She is succeeding long-time executive Keri Putnam, who stepped down earlier this year. In her new role, Vicente will oversee all areas of the Institute, including the annual Sundance Film Festival in Park City, Utah.
She will report to Sundance’s board of directors and work with key stakeholders, including artists, funders and industry donors, as well as lead a cadre of 200 year-round employees and an additional 250 seasonal staffers. Vicente begins her position in early November, working between the Institute’s Park City, Los Angeles, and New York City offices.
“This was a very comprehensive search to find the right person who would continue to move us forward with a vision that aligns with the founding values of the Institute’s founder, Robert Redford,” said Board of Trustees Chair Pat Mitchell and Chair-Elect Ebs Burnough, who led the search committee. “The world’s storytellers are more connected than ever, and Joana’s international background is vital as we look to integrate ourselves with independent artists on an even greater scale globally.”
Vicente’s hiring comes with the blessing of Robert Redford, who founded the Sundance Film Festival.
“From the day we started the Sundance Institute, we have had a very specific mission to foster independence, risk-taking, and new and diverse voices in storytelling,” Redford said in a statement. “Throughout her entire career, it is evident that Joana shares this same uncompromising vision, and we know that she possesses a deep understanding of the evolving landscape, and can reach a new generation of independent creators working more fluidly across disciplines, communicating across borders, and engaging directly with audiences.”
Vicente has founded three production companies and has produced more than 40 films, including Alex Gibney’s Oscar-nominated documentary “Enron: The Smartest Guys in the Room” and Nadine Labaki’s Cannes Jury Prize–winning “Capernaüm.” Over the course of her career, she has backed several projects that played at the Sundance Film Festival.
“Sundance has been an essential part of my career — I feel that I grew up as a producer with the support of the Festival and the Sundance labs. It is such an extraordinary opportunity to lead an organization that has defined independent storytelling for 40 years,” said Vicente. “This opportunity combines all of my passions: film, working with storytellers throughout the world, and leading mission-driven organizations. I have always felt that Sundance was a home for me, and this opportunity makes me feel as if I am going back home.”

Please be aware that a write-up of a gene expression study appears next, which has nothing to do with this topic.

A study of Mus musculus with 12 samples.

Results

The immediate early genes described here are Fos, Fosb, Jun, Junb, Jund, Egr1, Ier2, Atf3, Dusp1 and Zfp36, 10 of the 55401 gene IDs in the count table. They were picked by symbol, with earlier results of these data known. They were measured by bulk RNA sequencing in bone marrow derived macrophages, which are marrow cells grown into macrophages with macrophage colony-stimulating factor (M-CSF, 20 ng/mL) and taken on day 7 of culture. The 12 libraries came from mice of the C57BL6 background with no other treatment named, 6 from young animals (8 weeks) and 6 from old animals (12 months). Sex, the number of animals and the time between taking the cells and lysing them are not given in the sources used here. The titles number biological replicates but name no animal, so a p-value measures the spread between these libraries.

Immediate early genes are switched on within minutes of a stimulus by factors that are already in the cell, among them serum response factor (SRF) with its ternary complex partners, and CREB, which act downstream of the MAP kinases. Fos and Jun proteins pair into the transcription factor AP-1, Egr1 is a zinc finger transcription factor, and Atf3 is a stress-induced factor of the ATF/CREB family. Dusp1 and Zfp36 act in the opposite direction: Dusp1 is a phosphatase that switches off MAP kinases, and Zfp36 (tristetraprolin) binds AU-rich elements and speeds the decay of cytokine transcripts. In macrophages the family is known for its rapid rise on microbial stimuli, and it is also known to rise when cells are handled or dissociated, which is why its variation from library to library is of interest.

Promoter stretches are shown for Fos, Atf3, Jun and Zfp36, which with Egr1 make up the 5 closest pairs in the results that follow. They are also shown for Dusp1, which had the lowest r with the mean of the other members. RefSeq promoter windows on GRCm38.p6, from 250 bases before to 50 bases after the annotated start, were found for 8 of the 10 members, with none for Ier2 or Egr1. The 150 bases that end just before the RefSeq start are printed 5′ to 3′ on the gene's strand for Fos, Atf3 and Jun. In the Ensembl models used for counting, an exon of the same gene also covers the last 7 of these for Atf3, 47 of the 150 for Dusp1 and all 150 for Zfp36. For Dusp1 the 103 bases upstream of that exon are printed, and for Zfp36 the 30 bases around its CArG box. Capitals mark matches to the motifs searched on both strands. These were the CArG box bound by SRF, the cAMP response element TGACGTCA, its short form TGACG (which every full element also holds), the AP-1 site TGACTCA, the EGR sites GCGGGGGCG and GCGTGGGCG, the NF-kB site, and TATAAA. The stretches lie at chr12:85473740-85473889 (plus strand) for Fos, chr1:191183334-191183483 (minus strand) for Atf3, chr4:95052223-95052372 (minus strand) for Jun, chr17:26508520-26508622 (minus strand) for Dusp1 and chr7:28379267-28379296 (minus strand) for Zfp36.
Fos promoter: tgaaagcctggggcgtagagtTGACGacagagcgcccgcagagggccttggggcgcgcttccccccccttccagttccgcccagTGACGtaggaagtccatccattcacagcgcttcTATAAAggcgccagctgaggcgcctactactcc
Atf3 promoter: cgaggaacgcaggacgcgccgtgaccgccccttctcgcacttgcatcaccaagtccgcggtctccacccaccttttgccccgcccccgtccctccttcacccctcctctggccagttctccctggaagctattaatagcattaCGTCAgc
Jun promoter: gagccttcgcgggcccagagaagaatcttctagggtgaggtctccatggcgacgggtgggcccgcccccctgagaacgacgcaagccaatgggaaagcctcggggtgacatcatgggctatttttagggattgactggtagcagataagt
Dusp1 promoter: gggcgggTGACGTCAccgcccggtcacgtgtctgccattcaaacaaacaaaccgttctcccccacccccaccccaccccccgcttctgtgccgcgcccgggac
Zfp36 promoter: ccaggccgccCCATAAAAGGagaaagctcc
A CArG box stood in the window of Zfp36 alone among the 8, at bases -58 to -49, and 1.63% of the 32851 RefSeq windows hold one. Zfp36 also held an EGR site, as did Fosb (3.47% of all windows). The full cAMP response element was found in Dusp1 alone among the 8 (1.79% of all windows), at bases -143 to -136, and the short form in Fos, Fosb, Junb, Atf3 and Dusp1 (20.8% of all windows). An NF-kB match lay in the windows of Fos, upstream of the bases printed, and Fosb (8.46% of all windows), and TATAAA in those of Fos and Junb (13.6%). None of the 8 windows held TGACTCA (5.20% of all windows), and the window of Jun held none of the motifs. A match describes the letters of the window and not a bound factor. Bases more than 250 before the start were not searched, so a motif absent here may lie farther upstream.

As co-head of the Toronto International Film Festival, Vicente worked with Cameron Bailey to organize a hybrid event to run during COVID-19. Her exit from TIFF comes with the support of the organization’s leadership team, who is working with the Sundance Institute to ensure a seamless leadership transition for both groups.
Prior to TIFF, Vicente spent nearly a decade at the Independent Filmmaker Project (now the Gotham Film & Media Institute), a not-for-profit organization for independent directors. She previously co-founded HDNetFilms and HDNet International with Mark Cuban, Todd Wagner and partner Jason Kliot.
Vicente, who speaks several languages, graduated from Universidade Católica Portuguesa in Lisbon, Portugal, and she was selected for the National Arts Strategies Chief Executive Program with educational events at Harvard Business School and University of Michigan’s Ross School of Business. She has taught The Business of Film at NYU Stern School of Business.